For investors, playing the game of risk has never been easier

December 21, 2011, 9:04 PM UTC

FORTUNE — Imagine if investing were as simple as a light switch. When you’re feeling good, you turn it on. When you’re not, off. Even if you’re manic, and change your mind about your feelings every single day, it’s as simple as that: ON or OFF. Well, imagine no more! That’s the state the entire market seems to be in of late, what with the spread of the notions of “Risk On” and “Risk Off.” Think Europe has saved itself? Risk on, baby! Think it merely kicked the can down the road? Risk Off!

The devolution of the investment decision to a single choice between “risky” assets—equities, oil, and the like—and “less risky” ones—U.S. Treasuries, German bunds—brings to mind a well-dressed man in a casino, who, on each successive hand, moves all his chips from red to black and then back again. (Gold used to sit firmly in the “less risky” category, but trading in the metal has not been so dependable of late. Something about a bubble, I am told.) See Why gold has lost its luster

Is this crazy behavior? Not exactly. As Jim Grant points out in his latest Grant’s Interest Rate Observer, correlations between all manner of securities—the S&P 500, currencies, commodities, and interest rates—are all at record highs, meaning they move together more frequently. So the idea that it’s all going up or all going down at once isn’t so far-fetched. Even within the S&P 500 itself, correlations are through the roof. There has never been a single day when all the stocks in the S&P 500 moved up or down at once. There have been 11 days, however, that 490 of them have moved in lockstep. Six of those 11 days have occurred since July of this year.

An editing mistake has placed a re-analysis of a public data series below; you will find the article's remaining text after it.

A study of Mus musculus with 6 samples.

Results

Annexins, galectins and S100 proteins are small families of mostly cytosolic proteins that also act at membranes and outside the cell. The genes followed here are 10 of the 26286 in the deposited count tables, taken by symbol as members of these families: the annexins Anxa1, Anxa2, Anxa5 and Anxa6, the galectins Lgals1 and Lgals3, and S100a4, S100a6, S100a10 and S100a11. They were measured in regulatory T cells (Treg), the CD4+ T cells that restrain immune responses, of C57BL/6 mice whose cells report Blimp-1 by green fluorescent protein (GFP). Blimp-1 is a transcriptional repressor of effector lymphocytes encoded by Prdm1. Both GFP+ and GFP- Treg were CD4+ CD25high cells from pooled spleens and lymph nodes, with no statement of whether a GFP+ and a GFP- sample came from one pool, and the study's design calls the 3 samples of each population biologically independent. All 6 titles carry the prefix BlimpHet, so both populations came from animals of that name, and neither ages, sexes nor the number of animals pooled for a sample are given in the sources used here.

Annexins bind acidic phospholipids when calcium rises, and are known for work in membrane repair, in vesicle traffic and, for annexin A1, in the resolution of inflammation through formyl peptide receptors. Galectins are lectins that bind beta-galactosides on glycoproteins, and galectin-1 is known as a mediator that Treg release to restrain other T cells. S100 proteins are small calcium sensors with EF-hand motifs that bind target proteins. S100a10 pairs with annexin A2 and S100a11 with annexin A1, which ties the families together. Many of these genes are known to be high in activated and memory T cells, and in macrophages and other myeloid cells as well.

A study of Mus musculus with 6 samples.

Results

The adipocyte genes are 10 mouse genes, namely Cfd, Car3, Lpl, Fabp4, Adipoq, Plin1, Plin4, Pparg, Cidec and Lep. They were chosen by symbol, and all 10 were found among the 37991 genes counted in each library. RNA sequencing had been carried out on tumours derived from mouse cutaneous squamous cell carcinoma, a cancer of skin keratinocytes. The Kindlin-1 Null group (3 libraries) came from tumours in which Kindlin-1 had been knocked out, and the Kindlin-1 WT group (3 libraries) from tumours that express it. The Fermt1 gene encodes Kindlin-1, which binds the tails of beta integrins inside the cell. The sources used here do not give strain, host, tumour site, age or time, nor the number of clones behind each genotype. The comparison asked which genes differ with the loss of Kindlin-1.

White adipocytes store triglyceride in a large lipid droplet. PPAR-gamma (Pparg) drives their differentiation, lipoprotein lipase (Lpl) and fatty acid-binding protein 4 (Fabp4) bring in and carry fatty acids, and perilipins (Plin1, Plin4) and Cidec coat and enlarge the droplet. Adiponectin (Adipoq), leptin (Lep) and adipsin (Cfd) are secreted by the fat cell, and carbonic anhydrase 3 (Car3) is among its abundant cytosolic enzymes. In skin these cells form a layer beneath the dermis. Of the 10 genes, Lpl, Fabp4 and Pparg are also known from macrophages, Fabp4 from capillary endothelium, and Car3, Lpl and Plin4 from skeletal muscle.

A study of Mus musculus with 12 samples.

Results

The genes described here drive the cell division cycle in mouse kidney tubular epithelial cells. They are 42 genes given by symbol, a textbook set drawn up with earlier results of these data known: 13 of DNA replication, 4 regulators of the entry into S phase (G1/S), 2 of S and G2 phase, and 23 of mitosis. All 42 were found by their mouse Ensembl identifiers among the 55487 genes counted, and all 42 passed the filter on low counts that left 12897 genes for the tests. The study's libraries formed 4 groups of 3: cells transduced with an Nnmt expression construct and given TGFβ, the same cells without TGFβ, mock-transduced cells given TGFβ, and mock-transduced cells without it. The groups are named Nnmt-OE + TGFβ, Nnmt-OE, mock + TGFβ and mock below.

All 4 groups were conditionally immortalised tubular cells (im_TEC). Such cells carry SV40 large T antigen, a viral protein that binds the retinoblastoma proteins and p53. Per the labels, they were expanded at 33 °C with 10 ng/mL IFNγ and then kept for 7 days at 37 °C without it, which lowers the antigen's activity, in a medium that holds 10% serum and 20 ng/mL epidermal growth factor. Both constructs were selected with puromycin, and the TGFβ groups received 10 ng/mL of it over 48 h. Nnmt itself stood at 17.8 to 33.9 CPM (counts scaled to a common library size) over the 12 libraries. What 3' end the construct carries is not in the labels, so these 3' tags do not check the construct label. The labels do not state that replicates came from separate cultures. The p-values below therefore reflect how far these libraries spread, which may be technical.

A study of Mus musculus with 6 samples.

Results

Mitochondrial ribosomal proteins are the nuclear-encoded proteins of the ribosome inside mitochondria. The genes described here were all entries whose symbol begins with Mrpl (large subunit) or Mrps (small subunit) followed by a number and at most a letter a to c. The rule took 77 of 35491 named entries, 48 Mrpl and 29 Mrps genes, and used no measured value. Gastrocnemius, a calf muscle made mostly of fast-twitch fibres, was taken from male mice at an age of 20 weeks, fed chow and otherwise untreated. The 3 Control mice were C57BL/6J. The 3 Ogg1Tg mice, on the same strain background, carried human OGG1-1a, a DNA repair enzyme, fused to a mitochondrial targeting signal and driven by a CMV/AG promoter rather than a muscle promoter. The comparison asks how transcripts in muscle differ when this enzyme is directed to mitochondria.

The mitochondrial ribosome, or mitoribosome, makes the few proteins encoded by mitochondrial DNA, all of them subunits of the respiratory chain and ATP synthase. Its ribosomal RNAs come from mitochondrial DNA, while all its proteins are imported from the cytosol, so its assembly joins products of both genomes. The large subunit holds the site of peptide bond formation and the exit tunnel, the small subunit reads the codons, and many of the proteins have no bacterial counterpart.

Of course, who has the capacity to put on an every-kind-of-security bet on one day and take it off the next other than the most institutional of investors? Not you or me. (Or at least not me.) That’s where UBS (UBS) comes in. Late last month, the bank introduced two new exchange-traded notes (similar to exchange traded funds, but a little more complicated) called Risk On (ONN) and Risk Off (OFF). Forget stock picking or trying to ladder your bond investments. Sell everything, folks, and just sit by your own personal investing light switch. It’s that easy. Unless, of course, you pick the wrong one on the wrong day. Then you’re out of luck.

While the idea is simple enough, these are not single-security notes. ONN is long everything from oil–with a 34% weighting–to semiconductors (1.84%), Internet stocks (0.46%), wheat and soybeans (both 4%). OFF is likewise short these same securities and it’s also long 10-year Treasuries, Japanese yen, German bunds, Swiss francs, and gilts.)

Yesterday was a risk ON day. With the Dow rallying 2.87%, ONN jumped 4.07% while OFF slid 4.01%. Still, December has been an OFF month, on balance. In the three weeks the two securities have traded, ONN is down 4.32% and OFF is up 3.66%. If you want to tie your brain in a knot, consider this, too: given that the two securities are unsecured debt obligations, with UBS as obligor, you’re making an additional bet regardless of which way you choose. You’re betting that UBS will be able to pay you back in a pinch. In other words, even if you’re in a mood for OFF, you’re still making a bit of a Risk On play in assuming UBS survives the day.

Grant is no stranger to novelties such as ON and OFF. He’s been a trenchant market commentator for decades now. So what of ON and OFF? Do they turn him on? Or off?

“Fads are nothing new on Wall Street,” he tells “In the early 1970s, there was a boom in so-called ‘one decision’ stocks. Buy them and never sell, advised the boosters of the ‘Nifty Fifty,’ the roll call of which included Avon Products (AVP), General Electric (GE), Kodak, and Polaroid. I suppose that, with risk-on and risk-off, we now have ‘two decision’ stocks. I’ll leave it up to you to judge whether we have thereby progressed.”

So there’s the inevitable conclusion of an ONN and OFF world. Simpler? Yes. Saner? No.